Macau’s gross domestic product growth is likely to slow sharply this year and remain flat in 2019, according to the International Monetary Fund’s Autumn World Economic Outlook.
Growth is expected to be 6.3 percent this year and next, falling from 9.1 percent in 2017. Mainland China is also forecast to slow to 6.6 percent from 6.9 percent last year, slipping further to 6.2 percent in 2019.
In Macau, unemployment is expected to remain at 2 percent, though consumer prices are seen rising 2.2 percent this year and 2.4 percent next, after just 1.2 percent in 2017.
Next year, the IMF predicts growth across most of Asia will dip slightly, or remain flat, with only India and the Philippines showing slightly stronger growth.
The fund says the pace of growth is not expected to be as vigorous as predicted in its prior outlook in April and has become less balanced. It cites the trade wars initiated by U.S. President Donald Trump for increasing uncertainty in the global economy.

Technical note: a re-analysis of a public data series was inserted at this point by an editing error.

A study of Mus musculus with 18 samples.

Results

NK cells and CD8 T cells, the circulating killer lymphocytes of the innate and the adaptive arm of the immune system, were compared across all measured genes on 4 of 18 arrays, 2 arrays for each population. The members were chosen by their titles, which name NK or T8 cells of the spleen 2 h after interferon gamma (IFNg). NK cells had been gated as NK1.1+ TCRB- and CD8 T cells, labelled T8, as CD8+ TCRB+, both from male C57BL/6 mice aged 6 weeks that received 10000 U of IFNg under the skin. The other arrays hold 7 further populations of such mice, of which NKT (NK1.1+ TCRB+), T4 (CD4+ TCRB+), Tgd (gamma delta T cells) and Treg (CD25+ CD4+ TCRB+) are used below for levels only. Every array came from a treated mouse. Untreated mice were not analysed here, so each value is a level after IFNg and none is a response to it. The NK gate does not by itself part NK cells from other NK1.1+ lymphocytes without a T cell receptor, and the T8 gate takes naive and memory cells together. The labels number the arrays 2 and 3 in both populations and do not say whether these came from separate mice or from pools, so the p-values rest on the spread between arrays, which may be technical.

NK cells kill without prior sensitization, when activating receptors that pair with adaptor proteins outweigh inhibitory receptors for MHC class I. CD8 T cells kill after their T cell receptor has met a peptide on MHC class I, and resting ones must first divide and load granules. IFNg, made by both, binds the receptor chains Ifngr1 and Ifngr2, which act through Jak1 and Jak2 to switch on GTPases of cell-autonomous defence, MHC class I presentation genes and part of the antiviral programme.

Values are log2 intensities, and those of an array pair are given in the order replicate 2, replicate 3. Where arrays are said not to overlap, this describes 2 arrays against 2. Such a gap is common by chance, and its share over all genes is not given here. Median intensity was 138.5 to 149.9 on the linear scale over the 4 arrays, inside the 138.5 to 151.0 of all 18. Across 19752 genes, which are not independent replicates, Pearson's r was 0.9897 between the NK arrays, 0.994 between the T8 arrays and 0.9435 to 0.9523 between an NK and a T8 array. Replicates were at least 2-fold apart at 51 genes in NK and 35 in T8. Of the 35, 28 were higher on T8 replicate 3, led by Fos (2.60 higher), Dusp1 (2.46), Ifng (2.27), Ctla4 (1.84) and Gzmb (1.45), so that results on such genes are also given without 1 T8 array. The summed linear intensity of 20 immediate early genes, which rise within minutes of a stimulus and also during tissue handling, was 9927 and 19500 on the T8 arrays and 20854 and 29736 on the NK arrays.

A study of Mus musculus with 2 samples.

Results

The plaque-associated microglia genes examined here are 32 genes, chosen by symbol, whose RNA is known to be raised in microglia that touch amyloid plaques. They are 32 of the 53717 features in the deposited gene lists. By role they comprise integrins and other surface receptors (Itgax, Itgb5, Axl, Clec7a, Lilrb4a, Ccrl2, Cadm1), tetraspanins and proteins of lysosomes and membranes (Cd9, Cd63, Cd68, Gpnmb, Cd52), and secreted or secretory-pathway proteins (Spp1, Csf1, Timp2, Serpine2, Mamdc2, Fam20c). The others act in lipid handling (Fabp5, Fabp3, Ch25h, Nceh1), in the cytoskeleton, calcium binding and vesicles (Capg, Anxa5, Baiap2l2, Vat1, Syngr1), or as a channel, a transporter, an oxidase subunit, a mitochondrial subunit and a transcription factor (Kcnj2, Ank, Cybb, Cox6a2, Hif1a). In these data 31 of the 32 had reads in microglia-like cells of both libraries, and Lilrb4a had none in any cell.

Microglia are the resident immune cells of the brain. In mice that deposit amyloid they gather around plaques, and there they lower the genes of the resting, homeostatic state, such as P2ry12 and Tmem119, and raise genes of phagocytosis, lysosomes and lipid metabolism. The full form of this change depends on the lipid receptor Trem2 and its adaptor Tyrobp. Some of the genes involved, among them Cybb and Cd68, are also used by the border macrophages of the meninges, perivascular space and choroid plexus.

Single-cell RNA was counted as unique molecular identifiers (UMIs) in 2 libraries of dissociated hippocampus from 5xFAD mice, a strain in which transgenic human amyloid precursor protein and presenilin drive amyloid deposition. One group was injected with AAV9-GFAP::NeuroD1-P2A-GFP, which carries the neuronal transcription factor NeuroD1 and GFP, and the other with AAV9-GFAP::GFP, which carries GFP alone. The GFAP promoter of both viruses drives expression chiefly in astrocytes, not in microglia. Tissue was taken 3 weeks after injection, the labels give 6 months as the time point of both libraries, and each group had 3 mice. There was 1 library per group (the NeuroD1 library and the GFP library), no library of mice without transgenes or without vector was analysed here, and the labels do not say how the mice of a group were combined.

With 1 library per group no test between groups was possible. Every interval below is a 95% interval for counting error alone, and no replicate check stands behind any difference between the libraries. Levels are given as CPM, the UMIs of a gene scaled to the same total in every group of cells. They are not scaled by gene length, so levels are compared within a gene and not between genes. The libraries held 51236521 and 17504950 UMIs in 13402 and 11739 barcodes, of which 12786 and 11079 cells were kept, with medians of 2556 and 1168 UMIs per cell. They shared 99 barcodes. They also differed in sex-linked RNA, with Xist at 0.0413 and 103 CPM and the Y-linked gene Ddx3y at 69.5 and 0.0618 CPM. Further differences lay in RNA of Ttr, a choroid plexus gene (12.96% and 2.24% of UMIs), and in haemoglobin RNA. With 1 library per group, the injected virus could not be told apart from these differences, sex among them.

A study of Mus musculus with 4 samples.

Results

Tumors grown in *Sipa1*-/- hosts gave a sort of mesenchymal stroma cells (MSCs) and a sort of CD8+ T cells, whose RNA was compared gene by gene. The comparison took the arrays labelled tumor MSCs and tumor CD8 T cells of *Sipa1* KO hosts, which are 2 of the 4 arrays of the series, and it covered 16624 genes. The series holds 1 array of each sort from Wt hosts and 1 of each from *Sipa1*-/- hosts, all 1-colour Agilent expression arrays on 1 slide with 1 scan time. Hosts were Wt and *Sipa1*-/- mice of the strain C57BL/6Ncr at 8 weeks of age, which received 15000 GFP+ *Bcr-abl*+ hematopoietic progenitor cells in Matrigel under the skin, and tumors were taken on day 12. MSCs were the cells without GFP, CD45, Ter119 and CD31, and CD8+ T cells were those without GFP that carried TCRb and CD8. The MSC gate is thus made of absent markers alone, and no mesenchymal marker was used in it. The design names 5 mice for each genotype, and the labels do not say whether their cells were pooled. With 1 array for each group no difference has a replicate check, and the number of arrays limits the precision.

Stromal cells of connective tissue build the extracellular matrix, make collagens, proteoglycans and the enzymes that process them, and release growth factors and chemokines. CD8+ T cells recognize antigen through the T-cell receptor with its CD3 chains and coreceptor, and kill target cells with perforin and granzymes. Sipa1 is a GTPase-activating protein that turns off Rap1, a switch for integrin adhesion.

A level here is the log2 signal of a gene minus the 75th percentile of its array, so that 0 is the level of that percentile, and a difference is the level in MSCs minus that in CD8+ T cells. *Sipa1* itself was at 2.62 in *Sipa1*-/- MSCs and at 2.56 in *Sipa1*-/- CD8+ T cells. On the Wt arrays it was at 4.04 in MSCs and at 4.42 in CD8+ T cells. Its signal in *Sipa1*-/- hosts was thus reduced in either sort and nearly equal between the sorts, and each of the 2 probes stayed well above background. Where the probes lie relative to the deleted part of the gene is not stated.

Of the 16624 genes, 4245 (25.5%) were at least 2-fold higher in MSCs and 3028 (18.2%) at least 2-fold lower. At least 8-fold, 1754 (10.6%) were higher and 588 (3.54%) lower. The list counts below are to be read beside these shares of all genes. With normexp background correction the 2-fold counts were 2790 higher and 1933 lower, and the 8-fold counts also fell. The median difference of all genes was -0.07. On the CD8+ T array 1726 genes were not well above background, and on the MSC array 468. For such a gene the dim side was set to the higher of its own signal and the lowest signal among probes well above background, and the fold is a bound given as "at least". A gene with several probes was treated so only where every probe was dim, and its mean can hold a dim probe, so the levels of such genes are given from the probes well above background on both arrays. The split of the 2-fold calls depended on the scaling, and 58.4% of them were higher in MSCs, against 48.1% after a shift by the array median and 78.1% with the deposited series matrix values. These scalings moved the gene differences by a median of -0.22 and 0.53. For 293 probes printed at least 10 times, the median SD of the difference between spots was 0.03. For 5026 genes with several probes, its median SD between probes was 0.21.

“The possibility that China and the U.S. resolve their disagreements would be a significant upside to the forecast,” Maurice Obstfeld, economic counsellor and director of the IMF’s research department said at a press conference, a transcript of which is available on the fund’s website. “You know, at some level, I think it is not surprising that we are more tentative in our optimism than we were six months ago because, if you have the world's two largest economies at odds, that is a situation in which everyone, everyone is going to suffer.”